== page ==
World Rugby chairman Sir Bill Beaumont has warned it will be difficult for the game as we know it to return until a vaccine for coronavirus is in place.
There are tentative plans for the Welsh regions to resume playing in August, with the Guinness PRO14 pencilled in to begin again towards the end of that month.
But Beaumont says the sport in its full contact form can only return with absolute confidence once we get testing and vaccines.
With this in mind, World Rugby has come up with a set of suggested law variations that would see less physical contact.
But it will be up to individual countries to decide whether to take up the proposals, as they navigate a route out of lockdown.
Wales have declined to adopt the law trials, while England and New Zealand have given them a cool reception.
Beaumont, who was reappointed World Rugby chairman for another four years earlier this month following a contest with Agustin Pichot, was speaking on BBC Breakfast.
“If we knew when sanctions were going to be lifted and people can start contact, then it would be a lot easier to plan,” said the former England and Lions skipper.
“But what we have done is come up with a set of law variations that countries would be able to implement if they wanted to try them.
“It’s less scrums, less lineouts and basically less physical contact, but that is up to each individual country whether they want to try that.
“In New Zealand, where is no more coronavirus in the country, they are resuming full physical contact rugby in a couple of weeks.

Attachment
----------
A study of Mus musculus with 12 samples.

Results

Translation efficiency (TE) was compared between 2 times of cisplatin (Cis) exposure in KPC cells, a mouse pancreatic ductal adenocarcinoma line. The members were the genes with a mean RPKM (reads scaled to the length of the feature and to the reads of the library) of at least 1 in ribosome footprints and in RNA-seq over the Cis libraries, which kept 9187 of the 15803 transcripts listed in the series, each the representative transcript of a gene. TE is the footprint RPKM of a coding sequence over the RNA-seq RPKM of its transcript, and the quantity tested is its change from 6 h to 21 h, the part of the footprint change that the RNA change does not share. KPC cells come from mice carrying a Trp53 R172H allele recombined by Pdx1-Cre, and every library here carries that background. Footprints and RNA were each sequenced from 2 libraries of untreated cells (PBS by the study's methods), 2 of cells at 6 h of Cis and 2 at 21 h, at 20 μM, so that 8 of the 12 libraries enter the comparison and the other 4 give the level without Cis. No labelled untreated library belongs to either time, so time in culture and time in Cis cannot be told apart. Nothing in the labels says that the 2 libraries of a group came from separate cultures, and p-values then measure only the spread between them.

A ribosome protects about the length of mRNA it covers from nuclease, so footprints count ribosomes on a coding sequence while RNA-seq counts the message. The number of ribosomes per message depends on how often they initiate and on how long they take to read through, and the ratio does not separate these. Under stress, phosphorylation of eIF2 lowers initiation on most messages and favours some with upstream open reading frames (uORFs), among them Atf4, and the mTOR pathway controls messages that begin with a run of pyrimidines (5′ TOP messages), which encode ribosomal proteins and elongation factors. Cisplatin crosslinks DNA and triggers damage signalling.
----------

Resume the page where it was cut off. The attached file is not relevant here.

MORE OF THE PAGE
“But it’s only when we get testing, vaccines etc that I think we can be absolutely confident.
“Because of the physical aspect of the game of rugby, it makes it very, very difficult.
“We are told we have to keep two metres apart. Well, you just can’t do that on a rugby field.”
Beaumont was joined on the programme by English World Cup winner Matt Dawson, who predicted that rugby would be at the back of the sporting queue for a return.
“Unfortunately, I just can’t see international or first class rugby getting back for a while,” he said.
“The game is fundamentally different if you change and try to play by the suggested laws that World Rugby have come to because they want people to enjoy the game and carry on playing rugby in their own environments.
“To be competitive in that area, the rules need to be pretty much the same and that involves a huge amount of contact, not only in the game, but training as well.
“There will be a lot of players around the world who won’t be comfortable in those types of environments, training and playing, because it could potentially affect them and their families and people around them.
“So it is going to be a tricky one. Unfortunately, just by the nature of rugby, we are probably going to be right at the back end of time that supporters have to wait until they see it.
“It’s just the reality of the position we are in.”
Beaumont and Dawson were on BBC Breakfast talking about a special Question of Sport podcast.